Canary Islands expert Nicola Quinn claims excess of Airbnb-style rentals and rising costs are pricing locals out of the market causing major issues in holiday spots Tenerife and Lanzarote

People relaxing and having fun on a crowded beach in Spain
People relaxing and having fun on a crowded beach in Spain (Image: Getty Images/iStockphoto)

Residents on the Canary Islands are warning “things need to change” after fears the region could “collapse” under the soaring tourism.

Last week, experts claimed the Spanish holiday hotspots were on the verge of complete destruction due to tourist numbers and an overwhelming amount of urban development The collection of islands includes British favourites for sunny trips away like Tenerife, Lanzarote, Fuerteventura and Gran Canaria.

But, while one local claimed it was a “perfect storm” of bad planning and an unwillingness of locals, others disagree. One resident of the Canary Islands claims that the biggest issue facing those in the islands was caused by short-term holiday home rentals like Airbnbs.

Moving to Spain ‘s Canary Island expert Nicola Quinn has lived in Tenerife for the last 20 years and says illegal Airbnbs are making life on the island “unsustainable”. However, she maintains that the “collapse” of the Canaries is not all down to tourism and the building of large hotels is actually a good thing as it provides jobs for residents.

Speaking to Daily Star, Nicola explained: “Significant tourist growth across many of the Canary Islands has absolutely had a massive impact over the last decade. Huge resort complexes owned by international brands are popping up wherever there’s any room left. These hotels are great because they create jobs for locals and, in the case of high-end luxury hotels, they attract high-spending tourists.”

People partying in the Canary Islands
The Canaries have become a huge party destination in recent decades (Image: Gamma-Rapho via Getty Images)

She continued: “But these hotels are just one consequence of the Canaries’ boost in tourism. Due to the high demand for tourist accommodation and the lenient long-term rental laws that favour squatters, property owners would much rather rent their apartments to tourists on sites like Airbnb instead of locals. It’s safer for them and they can earn more money.

“This has caused an archipelago-wide housing crisis, where people who have jobs simply cannot afford to rent accommodation. Finding something as simple as a studio for under €1,000 (£856) per month is practically impossible, unless you can afford to pay for 12 months’ rent upfront.”

A view of a crowded beach in Gran Canaria
The islands become notoriously busy during the peak seasons (Image: ullstein bild via Getty Images)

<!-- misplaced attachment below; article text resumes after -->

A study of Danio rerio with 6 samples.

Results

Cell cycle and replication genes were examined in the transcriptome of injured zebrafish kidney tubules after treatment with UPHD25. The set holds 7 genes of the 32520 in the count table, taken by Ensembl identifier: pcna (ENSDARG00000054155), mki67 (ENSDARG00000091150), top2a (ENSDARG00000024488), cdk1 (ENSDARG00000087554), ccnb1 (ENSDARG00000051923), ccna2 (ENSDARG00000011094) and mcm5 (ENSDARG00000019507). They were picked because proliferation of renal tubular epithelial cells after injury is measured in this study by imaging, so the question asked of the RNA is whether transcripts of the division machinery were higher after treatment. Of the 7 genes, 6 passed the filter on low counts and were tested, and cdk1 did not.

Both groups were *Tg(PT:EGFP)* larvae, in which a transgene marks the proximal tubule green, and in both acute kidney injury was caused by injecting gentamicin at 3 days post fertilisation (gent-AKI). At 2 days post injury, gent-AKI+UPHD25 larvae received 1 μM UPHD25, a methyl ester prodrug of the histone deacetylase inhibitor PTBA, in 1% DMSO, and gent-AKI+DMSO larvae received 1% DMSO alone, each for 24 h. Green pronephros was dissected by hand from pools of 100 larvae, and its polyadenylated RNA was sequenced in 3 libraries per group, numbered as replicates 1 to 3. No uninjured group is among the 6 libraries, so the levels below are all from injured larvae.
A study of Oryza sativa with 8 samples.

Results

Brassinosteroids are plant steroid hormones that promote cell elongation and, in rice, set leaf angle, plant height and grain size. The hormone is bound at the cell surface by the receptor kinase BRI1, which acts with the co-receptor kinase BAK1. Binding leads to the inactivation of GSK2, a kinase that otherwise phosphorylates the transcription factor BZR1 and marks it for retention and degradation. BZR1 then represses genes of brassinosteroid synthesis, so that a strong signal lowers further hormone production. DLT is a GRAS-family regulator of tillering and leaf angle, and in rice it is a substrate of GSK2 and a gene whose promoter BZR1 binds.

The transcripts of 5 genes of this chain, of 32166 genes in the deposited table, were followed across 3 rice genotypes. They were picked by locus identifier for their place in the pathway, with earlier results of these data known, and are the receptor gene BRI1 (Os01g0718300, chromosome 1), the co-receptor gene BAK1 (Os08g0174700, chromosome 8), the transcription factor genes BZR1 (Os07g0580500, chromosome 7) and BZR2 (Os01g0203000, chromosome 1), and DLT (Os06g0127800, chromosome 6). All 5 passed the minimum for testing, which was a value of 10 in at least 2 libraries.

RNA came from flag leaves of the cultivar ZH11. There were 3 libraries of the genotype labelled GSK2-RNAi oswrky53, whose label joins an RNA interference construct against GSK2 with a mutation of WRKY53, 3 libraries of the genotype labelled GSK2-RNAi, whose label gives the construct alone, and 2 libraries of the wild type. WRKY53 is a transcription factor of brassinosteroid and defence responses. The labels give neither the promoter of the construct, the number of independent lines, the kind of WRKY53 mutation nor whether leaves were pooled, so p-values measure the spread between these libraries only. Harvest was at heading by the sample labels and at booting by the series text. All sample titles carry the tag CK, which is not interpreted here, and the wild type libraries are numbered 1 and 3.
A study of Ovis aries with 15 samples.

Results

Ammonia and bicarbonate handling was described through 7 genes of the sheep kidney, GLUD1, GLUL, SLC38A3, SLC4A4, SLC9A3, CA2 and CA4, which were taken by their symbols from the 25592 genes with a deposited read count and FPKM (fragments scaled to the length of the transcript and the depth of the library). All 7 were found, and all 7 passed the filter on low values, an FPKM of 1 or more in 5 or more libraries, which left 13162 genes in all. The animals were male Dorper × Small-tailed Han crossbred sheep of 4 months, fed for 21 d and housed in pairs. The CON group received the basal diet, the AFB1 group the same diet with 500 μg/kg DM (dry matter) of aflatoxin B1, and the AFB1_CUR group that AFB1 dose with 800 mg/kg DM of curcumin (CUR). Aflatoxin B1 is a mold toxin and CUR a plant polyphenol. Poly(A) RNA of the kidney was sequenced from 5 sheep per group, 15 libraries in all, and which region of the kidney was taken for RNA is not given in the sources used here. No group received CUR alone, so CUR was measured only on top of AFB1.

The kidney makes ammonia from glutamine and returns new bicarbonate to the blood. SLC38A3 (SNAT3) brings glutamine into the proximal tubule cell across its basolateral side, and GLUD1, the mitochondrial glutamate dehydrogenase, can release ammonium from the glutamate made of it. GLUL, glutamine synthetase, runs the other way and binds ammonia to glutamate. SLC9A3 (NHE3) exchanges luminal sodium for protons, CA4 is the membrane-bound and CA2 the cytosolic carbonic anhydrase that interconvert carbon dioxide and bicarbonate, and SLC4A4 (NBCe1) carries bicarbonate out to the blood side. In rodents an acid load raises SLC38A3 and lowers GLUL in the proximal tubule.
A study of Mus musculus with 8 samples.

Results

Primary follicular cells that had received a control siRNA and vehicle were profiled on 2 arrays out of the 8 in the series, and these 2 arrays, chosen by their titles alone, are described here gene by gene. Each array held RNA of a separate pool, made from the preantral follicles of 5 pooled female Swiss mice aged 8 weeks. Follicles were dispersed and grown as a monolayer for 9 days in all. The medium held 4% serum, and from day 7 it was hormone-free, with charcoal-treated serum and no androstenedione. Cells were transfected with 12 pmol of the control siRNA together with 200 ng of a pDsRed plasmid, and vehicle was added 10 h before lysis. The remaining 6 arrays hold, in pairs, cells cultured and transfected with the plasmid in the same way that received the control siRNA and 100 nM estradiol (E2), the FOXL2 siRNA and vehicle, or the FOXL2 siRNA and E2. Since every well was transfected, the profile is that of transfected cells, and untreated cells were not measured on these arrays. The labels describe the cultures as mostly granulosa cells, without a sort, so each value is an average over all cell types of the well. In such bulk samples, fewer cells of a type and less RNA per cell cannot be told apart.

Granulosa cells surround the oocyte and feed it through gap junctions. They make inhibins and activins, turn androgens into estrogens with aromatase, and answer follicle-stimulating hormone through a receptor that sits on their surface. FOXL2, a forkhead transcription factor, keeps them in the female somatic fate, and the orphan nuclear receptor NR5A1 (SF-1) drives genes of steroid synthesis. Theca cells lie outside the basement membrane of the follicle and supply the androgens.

The average salary in the Canary Islands is just £19,235, according to DANews, the second lowest of any area in Spain. After tax, that’s a monthly take home pay of £1,295 – meaning £856 would be 66% of the average resident’s take home wage. If the Canary Islands are unable to maintain staffing levels then the holiday market could come crashing down leaving Brits unable to visit the gorgeous archipelago.

Nicole added: “Putting a restriction on tourist accommodation in the Canaries is a solution that many people favour, but I have my reservations. Cutting down on illegal Airbnb rentals would be an excellent start. I’ve personally stayed in six private properties throughout the Canaries this year and only two had the official licence needed to offer short-term rentals.

Tourists swim in a pool at a holiday resort
The islands are struggling to cope with numbers but not all locals think tourists are the problem

“Implementing stronger laws that make it safer for property owners to rent their apartments long-term while providing additional social housing would have a huge impact, too. I understand that you can’t put these changes into effect overnight. But the current situation is unsustainable. When the islands are booming with tourists but the locals who make sure they’re well taken care of can’t afford to have a roof over their heads, things need to change.”

Expat John Parkes, a hotelier and bar owner who has lived in Tenerife since 1987, agrees it’s holiday rentals causing the rise in rent. John noted: “The biggest issue is space and infrastructure, the Canarian government has always attempted to control the quality of tourism by having a moratorium on new tourist accommodation being built, currently only five star accommodation is allowed to be built.

Packed beach filled with tourists

Beaches in popular Spanish hotpots like the Canary Islands and Balearic Islands have been getting busier and busier (Image: Getty Images)

“However they undermined this by legalising private rentals which are called Viviendas Vacacionales . This turned almost every property into a potential tourist bed overnight, reducing the availability of long term rentals for residents and pushing them out of town.”

The cost of holidays in the Canary Islands is also increasing alongside the rise in cost of living for locals. Airlines TUI, Jet2 and Ryanair have warned Brits about the effects of tourism on the Canary Islands – but they’ve also asked businesses on the islands to reconsider their pricing strategy.

Representatives from a number of airline shave issued a joint warning about a possible recession in the UK and Germany which may add to the decline of the Canary Islands. Delegates from Jet2, TUI and Ryanair at Fitur – the International Tourism Trade Fair – said that it’s important to exercise restraint when adjusting fares ahead of what they believe will be an uncertain year, reports Canarian Weekly. They added that a view of hotel prices is needed as economic challenges due to inflation have caused lesser purchasing power for UK, Scandinavian and German people.